We have a President who, in his displays of pique against banksters, can work himself up to calling them “fat cats”. But immediately after that, um, display, he met with bank CEOs (well, the ones that didn’t stand him up) and was conciliatory, when the right move would be to show some steel. And when, after chewing out lobbyists in the State of the Union, which department in the Executive branch was the first out of the box to call lobbyists to set up private briefings? The Treasury.
It sure isn’t hard to discern the yawning chasm between word and deed and decide which to take seriously.
By contrast, the authorities in the UK are more united in their stance and are taking steps that show far more determination as far as reining in the financial services industry is concerned. Even if the bonus tax did not work as planned, it was a bold move, and at least showed seriousness of intent. And the UK regulators are pushing measures sure to elicit howls of pain from the banksters. The latest is that the head of the FSA, Lord Turner, has suggested a crackdown on currency carry trades. And more important, look at the basis of his argument: carry trades serve no useful social purpose. Lordie, if banks are restricted to doing things that are productive, just think of what it will do to profits and bonuses!
Similarly, can you imagine anyone of any stature in the US (well, save maybe Paul Volcker, who is currently in favor, but who knows how long that will last) having the kind of talk with bank top brass that Alistair Downing had. From the Guardian:
Alistair Darling told the City’s top bankers today to stop feeling sorry for themselves and instead work with the government to create a stronger financial system.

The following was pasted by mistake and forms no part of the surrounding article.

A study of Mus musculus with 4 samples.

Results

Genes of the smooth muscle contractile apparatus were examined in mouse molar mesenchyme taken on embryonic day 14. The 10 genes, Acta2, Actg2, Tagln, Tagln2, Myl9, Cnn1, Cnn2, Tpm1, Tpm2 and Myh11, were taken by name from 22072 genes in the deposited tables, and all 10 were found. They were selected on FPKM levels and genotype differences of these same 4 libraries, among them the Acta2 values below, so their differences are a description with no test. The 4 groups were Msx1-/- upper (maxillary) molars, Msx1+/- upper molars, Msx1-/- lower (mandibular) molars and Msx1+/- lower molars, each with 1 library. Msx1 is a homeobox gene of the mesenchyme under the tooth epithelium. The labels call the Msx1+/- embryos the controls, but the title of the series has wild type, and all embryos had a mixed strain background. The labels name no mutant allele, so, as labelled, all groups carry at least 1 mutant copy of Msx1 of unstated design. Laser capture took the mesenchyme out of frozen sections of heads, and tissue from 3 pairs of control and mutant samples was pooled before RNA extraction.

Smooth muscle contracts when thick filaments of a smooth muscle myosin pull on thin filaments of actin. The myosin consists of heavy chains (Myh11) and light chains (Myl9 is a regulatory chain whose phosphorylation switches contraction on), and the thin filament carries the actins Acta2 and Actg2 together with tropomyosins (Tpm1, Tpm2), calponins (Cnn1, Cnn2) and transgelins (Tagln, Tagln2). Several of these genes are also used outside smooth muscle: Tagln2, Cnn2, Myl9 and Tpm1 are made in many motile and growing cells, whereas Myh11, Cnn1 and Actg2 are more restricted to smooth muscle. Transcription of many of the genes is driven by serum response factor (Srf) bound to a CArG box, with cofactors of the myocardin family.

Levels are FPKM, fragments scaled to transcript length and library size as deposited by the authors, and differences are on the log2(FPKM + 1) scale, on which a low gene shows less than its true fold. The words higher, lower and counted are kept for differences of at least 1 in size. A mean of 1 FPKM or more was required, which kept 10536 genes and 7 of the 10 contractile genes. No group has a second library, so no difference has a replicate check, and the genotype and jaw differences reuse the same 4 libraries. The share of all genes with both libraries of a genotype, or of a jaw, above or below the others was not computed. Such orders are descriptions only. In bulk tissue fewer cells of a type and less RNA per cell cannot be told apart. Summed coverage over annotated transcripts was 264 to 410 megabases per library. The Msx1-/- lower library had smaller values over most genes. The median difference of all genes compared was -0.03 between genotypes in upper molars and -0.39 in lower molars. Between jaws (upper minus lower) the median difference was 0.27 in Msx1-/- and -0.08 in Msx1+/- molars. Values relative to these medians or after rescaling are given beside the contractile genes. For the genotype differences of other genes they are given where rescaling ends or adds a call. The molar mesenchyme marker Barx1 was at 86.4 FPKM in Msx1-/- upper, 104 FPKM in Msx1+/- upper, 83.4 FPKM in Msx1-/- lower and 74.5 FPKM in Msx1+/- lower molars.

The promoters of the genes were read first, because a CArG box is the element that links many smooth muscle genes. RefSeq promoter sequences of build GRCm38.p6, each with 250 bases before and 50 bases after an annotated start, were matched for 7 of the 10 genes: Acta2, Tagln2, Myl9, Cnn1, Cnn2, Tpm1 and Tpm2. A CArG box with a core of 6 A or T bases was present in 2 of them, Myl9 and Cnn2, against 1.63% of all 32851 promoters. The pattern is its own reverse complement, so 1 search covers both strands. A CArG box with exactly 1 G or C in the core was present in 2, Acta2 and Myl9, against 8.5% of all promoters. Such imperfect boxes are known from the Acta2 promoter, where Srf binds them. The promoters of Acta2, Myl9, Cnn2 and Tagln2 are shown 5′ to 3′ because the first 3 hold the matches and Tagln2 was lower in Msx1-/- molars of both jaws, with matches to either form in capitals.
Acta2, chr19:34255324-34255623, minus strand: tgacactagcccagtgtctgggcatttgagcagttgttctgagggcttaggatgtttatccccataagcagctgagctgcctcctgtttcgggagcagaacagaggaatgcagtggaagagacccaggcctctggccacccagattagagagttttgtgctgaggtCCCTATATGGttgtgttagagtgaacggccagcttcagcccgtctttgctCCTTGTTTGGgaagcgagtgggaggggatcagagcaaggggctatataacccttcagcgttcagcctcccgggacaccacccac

The chancellor held clear-the-air talks with eight UK and foreign-owned banks at the meeting of the World Economic Forum in Davos at which he urged faster international action to strengthen banking regulation.
“My message to the banks is that it is in their interests to get off the front pages,” Darling said at a press briefing ahead of the meeting.
“The banks should do what they are supposed to do, provide credit to the economy. They must know that changes are necessary. They can all see that the regulatory regime needs to be more robust and more intrusive.
“Don’t feel sorry for yourselves. Work with the government to see how you can improve the situation.”
Today’s meeting involved executives from Standard Chartered, HSBC, Barclays, Goldman Sachs, UBS, Morgan Stanley, JP Morgan and Citigroup.
The chancellor said he was frustrated that changes to bank regulations proposed by the G20 group of developed and developing nations were taking so long to be agreed by the Basle committee of central bank governors and international regulators.
“The Basle process can be quite tortuous,” Darling said. “We don’t have years to sort it out.”
He added that he was disturbed by reports that proposed reforms to the global financial system – originally expected this autumn – now looked as if they would be delayed until 2011.
“I would like to see the Basle regulations published this autumn,” Darling said. “I have heard it may slip into next year. That would be very, very bad.”